Smoking rate falling among young Scots

Smoking among teens and young adults has declined. Picture: TSPLSmoking among teens and young adults has declined. Picture: TSPL
Smoking among teens and young adults has declined. Picture: TSPL
SCOTLAND has met a key target to reduce smoking among young adults and achieved a range of other goals in the battle against tobacco use, a new report has shown.

The smoking rate among 16 to 24-year-olds dropped from 26.5 per cent in 1999 to 22 per cent in 2012, ahead of a target set six years ago to reduce the rate to around 23 per cent for this year. Exposure to second-hand smoke has also fallen, and the number of 13 and 15-year-olds smoking is at its lowest level since records began, according to a report from Ash Scotland.

There are just over one million adult smokers in Scotland and the work of the NHS and other stop-smoking services has been praised for “exceeded performance targets”, but more work needs to be done to reduce rates in deprived areas which remain above the national average, the report said.


Legislation banning the display of cigarettes and other tobacco products in larger retailers came into force last year and will be rolled out to smaller retailers in April 2015.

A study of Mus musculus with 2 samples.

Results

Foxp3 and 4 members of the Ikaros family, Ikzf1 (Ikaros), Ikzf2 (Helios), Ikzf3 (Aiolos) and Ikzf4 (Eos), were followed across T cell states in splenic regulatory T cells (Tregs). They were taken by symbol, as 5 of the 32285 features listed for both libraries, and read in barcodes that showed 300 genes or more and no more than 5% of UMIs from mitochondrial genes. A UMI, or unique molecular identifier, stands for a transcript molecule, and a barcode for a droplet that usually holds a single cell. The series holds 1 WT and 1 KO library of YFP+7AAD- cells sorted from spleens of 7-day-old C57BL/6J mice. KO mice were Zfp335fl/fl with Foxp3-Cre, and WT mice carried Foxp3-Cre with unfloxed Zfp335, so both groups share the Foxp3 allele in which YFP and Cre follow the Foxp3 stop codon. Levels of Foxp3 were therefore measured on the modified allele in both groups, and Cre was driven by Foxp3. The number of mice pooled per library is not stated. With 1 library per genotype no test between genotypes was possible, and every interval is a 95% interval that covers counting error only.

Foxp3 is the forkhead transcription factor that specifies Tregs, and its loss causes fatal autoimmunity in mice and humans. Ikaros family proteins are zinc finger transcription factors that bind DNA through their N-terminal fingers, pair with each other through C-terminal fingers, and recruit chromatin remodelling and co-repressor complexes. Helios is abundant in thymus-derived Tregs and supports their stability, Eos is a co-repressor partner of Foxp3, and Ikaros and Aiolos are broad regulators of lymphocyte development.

It follows the ban on smoking in enclosed public places, such as pubs, restaurants and almost all workplaces, since 2006. The government also plans to introduce plain packaging for all cigarettes.

Ash Scotland chief executive Sheila Duffy said: “This is a significant achievement and may be a reflection of the impact of measures such as the ban on tobacco advertising and sponsorship, larger picture warnings on packets and raising the age of sale from 16 to 18.

“But our new analysis also highlights areas where we must up our game if we are to be successful in putting smoking out of fashion for the next generation. While tobacco use has reduced, the large inequalities in smoking between rich and poor have remained resistant to change.”

In deprived areas, the smoking rate is 36 per cent compared to around 23 per cent across the country, the report said.

The number of women smoking during pregnancy has fallen to almost 19 per cent, down from 25 per cent in 2001.

Alison Cox, Cancer Research UK’s head of tobacco policy, said: “Scotland has taken a lead in the UK by setting an ambition for a smoke-free generation by 2034, and Ash Scotland’s report demonstrates strong public support for key measures to protect children from tobacco marketing and from second-hand smoke.”